Residents and businesses in Puerto Rico affected by heavy rains and flooding on Nov. 12- 13, can apply for low-interest disaster loans from the U.S. Small Business Administration, agency Administrator Karen G. Mills announced Wednesday.
Mills made the loans available in response to a letter from former Gov. Luis Fortuño on Dec. 19, 2012, requesting a disaster declaration by the SBA. The declaration covers the town of Vega Baja and the adjacent municipalities of Manatí, Morovis and Vega Alta.
“The SBA is strongly committed to providing the people of Puerto Rico with the most effective and customer-focused response possible to assist homeowners, renters, and businesses of all sizes with federal disaster loans,” said Mills. “Getting businesses and communities up and running after a disaster is our highest priority at SBA.”
“Loans up to $200,000 are available to homeowners to repair or replace damaged or destroyed real estate. Homeowners and renters are eligible for loans up to $40,000 to repair or replace damaged or destroyed personal property,” said Frank Skaggs, director of SBA’s Field Operations Center East in Atlanta.
“Businesses and nonprofit organizations of any size may borrow up to $2 million to repair or replace damaged or destroyed real estate, machinery and equipment, inventory, and other business assets,” said Francisco Marrero, SBA’s Puerto Rico acting district director.
The SBA may increase a loan up to 20 percent of the total amount of disaster damage to real estate and/or leasehold improvements, as verified by SBA, to make improvements that lessen the risk of property damage by future disasters of the same kind.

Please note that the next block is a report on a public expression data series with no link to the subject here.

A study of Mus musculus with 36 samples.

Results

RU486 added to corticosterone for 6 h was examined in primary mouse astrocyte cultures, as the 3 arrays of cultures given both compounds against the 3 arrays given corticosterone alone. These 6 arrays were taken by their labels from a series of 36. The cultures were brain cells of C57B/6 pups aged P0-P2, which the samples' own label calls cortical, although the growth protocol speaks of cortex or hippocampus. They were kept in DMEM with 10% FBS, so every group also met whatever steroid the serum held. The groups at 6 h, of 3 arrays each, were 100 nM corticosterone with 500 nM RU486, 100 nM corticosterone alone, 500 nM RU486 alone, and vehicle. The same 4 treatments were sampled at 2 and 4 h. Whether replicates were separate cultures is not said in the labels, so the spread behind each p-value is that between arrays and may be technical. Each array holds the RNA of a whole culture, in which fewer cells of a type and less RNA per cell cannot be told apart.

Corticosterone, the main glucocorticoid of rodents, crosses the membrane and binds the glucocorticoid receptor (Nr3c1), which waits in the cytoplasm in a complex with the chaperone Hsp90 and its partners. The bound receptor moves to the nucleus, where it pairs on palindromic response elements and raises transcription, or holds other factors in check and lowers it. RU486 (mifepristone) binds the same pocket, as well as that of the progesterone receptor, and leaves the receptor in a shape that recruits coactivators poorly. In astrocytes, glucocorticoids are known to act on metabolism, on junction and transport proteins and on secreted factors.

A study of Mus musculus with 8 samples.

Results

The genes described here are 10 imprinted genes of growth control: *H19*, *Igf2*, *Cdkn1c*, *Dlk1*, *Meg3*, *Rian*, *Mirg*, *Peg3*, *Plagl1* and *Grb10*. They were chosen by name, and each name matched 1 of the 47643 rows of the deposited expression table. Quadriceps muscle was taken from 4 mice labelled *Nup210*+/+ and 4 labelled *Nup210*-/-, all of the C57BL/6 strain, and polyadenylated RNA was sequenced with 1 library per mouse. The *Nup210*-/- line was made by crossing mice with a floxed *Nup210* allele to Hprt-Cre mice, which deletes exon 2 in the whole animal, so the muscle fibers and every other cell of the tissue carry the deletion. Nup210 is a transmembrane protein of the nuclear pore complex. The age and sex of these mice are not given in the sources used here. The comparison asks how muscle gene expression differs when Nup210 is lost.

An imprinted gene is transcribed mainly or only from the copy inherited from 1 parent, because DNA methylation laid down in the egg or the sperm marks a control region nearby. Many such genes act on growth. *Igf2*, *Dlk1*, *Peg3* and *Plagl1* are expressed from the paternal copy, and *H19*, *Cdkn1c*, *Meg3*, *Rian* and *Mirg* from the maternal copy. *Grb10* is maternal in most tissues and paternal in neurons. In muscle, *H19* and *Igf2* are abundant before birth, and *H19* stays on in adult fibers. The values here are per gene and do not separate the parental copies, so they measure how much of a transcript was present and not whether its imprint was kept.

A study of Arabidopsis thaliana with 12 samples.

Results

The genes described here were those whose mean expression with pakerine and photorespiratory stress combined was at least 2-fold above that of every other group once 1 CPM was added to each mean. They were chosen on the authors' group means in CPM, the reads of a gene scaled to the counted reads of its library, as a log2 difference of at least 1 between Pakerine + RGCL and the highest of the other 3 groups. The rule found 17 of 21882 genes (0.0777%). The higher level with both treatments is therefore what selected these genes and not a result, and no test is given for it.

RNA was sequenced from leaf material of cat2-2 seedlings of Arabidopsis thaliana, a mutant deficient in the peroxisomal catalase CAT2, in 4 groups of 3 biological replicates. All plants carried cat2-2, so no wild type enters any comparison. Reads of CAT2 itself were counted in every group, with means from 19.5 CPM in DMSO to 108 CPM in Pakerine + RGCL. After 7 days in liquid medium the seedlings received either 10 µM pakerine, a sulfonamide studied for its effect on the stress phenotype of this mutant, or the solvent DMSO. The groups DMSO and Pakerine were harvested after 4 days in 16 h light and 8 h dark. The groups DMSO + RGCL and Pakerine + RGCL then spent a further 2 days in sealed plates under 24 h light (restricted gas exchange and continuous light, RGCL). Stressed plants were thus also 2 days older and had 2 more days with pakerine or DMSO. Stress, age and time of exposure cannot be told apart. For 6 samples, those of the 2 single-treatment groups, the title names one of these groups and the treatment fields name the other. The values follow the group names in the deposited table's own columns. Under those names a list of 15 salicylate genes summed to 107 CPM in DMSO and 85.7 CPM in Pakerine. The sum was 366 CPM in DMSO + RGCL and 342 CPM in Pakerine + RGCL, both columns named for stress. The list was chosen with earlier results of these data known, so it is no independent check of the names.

For small businesses, small agricultural cooperatives, small aquaculture businesses and most private non-profit organizations of all sizes, the SBA offers Economic Injury Disaster Loans (EIDLs) to help meet working capital needs caused by the disaster. EIDL assistance is available regardless of whether the business suffered any physical property damage.
Interest rates are as low as 1.688 percent for homeowners and renters, 3 percent for non-profit organizations and 4 percent for businesses with terms up to 30 years. Loan amounts and terms are set by the SBA and are based on each applicant’s financial condition.
Applicants may apply online using the SBA’s Electronic Loan Application system on its secure website. The filing deadline for physical property damage applications is March 4, 2013. The deadline for economic injury applications is October 3, 2013.